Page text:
SafeLives welcomes DASH review

21st September 2016
SafeLives' statement in response to College of Policing report: "Risk-led policing of domestic abuse and the risk-led model"
 
"To tackle domestic abuse effectively, we must have a coordinated community response involving multiple agencies, including of course - the police. This response will only ever be effective if all the agencies have a common language  and understanding of risk. Partnership is key to early and effective intervention for victims. Agencies responding to risk in different ways leads to piecemeal provision; information sharing is inevitably harder when agencies work in silos. 
 
We therefore have concerns about the police having their own separate approach to risk. This may lead to specialist women's services and other relevant agencies (housing, health, substance misuse) becoming increasingly disconnected to their local police force, which in turn makes it harder to provide early and effective support to victims. 
 
The DASH was developed in line with the long understood premise that domestic abuse is about patterns of behaviour, not single incidents. This pattern often has control as its core and can include physical violence, emotional/sexual/financial abuse and stalking and harassment (both on and offline).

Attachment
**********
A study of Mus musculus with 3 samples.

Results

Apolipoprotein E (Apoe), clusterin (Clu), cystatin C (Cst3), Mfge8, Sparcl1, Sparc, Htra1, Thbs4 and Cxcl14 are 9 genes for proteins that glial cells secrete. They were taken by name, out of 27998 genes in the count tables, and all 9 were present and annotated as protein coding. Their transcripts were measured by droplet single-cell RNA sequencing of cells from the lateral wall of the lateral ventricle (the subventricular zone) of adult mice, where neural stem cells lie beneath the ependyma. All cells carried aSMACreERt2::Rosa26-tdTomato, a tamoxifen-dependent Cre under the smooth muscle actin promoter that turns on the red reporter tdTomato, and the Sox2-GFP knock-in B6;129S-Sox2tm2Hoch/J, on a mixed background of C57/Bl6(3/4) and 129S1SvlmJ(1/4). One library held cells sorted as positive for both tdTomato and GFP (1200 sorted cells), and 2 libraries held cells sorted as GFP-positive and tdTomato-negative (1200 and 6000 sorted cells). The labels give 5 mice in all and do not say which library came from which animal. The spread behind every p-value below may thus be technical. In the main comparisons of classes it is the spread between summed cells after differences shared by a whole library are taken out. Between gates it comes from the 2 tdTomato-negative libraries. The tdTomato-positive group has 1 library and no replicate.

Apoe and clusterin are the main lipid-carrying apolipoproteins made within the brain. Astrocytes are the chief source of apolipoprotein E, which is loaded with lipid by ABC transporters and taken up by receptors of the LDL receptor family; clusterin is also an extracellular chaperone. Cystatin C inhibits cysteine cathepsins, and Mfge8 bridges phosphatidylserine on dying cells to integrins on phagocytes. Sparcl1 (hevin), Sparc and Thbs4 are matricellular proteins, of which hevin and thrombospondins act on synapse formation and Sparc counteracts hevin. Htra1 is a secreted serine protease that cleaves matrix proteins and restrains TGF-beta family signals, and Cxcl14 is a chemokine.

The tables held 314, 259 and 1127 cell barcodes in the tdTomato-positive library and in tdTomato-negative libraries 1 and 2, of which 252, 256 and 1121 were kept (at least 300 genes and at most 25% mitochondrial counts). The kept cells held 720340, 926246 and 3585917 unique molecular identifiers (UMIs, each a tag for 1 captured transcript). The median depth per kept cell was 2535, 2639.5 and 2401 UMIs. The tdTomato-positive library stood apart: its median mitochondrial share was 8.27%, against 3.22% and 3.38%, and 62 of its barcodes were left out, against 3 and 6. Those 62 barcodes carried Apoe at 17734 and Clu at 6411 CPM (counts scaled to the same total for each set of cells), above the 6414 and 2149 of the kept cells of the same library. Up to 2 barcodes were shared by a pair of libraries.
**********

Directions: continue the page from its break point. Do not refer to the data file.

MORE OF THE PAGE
However, we welcome a review of the DASH. This review must go alongside effective training for all police officers, strong and coherent leadership and the attitudinal shift to continue.  We have seen a great number of forces sign up and take part in the 'Domestic Abuse Matters' change programme. We are proud to have worked in partnership to put this College of Policing programme together; partnership between agencies and charities is key to seeing real change. We hope any changes to the way the police approach risk will be carried out in partnership also. 
 
DASH was intended to be used alongside professional judgement. The statement put out by the College of Policing today states that perhaps the DASH is better for domestic abuse professionals with a 'better rapport' with victims. We would encourage the police to continue their training and leadership in this area to improve the rapport, as this will encourage victims to feel safe to disclose and seek further support 
 
Tackling domestic abuse is challenging and should not be the responsibility of any one agency. A common language and common understanding will better increase our chances of meeting our common goal - supporting victims of domestic abuse today and reducing the number of victims tomorrow."